India Introduces Online Gambling Legislation


As per the draft rules, the term “online game” includes every game which is played on the Internet and in which the player “makes a deposit with the expectation of earning winnings”. The Indian information technology ministry could determine the exact games, which are covered by the legislation.

“Self-Regulatory Bodies” Instead of a Sole Government Regulator

The proposed rules suggest the creation of “self-regulatory bodies” instead of the establishment of a sole regulatory agency. The board of these bodies should consist of “an independent person from the online gaming, sports or entertainment” sectors, a representative of the online game players, an expert in psychology or consumer education, and an expert in public policy who has to be appointed by the Indian government. Per the draft changes, companies should name a chief compliance officer and verify the user identity before the creation of an online account.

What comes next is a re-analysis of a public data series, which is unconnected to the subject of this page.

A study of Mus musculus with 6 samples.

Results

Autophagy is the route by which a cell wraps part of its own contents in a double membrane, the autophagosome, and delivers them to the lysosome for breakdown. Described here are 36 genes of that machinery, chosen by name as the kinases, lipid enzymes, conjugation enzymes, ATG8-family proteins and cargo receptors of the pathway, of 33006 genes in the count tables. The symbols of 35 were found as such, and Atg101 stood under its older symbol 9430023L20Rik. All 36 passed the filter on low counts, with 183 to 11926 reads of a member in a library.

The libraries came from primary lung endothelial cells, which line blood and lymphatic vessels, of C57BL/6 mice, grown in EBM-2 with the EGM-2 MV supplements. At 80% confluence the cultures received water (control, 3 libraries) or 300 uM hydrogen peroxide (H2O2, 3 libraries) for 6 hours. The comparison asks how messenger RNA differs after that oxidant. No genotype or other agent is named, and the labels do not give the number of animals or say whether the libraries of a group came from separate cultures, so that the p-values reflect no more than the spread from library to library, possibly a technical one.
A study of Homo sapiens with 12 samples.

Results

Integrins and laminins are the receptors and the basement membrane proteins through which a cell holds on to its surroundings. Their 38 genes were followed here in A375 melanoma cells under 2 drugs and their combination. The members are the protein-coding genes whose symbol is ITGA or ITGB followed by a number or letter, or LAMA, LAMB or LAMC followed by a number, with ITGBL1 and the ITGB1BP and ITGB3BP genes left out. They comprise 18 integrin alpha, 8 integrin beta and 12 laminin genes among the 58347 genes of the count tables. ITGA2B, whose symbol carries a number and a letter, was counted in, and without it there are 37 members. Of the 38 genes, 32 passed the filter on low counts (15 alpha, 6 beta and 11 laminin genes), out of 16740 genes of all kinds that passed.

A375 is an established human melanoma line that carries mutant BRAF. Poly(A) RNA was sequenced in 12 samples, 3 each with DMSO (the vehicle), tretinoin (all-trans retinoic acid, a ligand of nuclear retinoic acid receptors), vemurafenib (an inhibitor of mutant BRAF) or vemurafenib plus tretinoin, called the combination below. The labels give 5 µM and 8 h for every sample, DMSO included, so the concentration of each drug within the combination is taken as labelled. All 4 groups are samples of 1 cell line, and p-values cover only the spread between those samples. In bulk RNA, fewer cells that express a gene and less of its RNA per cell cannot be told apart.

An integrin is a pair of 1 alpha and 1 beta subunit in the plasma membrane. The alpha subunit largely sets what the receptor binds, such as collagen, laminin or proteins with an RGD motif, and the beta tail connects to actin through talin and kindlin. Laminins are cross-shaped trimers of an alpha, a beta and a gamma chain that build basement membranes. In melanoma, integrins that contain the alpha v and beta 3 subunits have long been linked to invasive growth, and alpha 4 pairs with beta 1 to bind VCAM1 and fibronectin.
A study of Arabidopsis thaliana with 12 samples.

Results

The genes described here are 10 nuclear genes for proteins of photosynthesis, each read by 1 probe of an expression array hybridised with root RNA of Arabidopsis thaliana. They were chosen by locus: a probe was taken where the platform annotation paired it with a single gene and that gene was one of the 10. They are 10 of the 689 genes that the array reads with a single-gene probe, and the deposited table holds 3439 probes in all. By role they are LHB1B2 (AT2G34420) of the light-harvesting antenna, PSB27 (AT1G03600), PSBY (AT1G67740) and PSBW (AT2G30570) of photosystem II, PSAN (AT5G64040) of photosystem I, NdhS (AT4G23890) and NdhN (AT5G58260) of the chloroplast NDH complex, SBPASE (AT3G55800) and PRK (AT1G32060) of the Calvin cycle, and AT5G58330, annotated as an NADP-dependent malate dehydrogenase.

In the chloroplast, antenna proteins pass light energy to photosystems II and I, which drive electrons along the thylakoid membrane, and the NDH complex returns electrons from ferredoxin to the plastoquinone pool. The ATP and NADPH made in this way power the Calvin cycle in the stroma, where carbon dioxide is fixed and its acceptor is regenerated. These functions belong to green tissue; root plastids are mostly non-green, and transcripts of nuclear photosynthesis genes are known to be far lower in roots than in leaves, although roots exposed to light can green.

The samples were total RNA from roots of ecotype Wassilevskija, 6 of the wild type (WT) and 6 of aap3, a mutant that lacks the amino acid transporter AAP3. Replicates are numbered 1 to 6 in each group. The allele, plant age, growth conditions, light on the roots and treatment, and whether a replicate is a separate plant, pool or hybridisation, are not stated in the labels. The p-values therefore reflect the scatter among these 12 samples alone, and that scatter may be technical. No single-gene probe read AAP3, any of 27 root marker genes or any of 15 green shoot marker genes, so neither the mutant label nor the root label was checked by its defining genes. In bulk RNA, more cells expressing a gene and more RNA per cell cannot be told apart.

One of the main tasks of these bodies will be to elaborate rules for the online gambling segment, which would prevent players from suffering harm and addiction. The established framework of rules should also protect children and prevent financial criminal practices.

In case a self-regulatory body does not create efficient rules or fails to oversee the companies in the sector, the central government would take the respective measures, including suspension of the registration of such bodies.

A Boom in the Online Gaming Market in India

Roland Landers, chief executive officer of All India Gaming Federation, commented that this was a great first step for the regulation of the online gaming sector and would reduce the “state-wise regulatory fragmentation”, which causes difficulties for gaming companies.

The Indian information technology ministry published the draft rules after a recommendation was made by a government panel because the gambling sector is supposed to reach $7 billion by 2026. Recently, many US companies, such as Tiger Global and Sequoia Capital, have supported Indian start-ups, namely Dream11 and Mobile Premier League, which are popular with their “fantasy cricket”. The development and expansion of such games, especially among young people, has led to addiction, financial losses, and in some cases – suicides.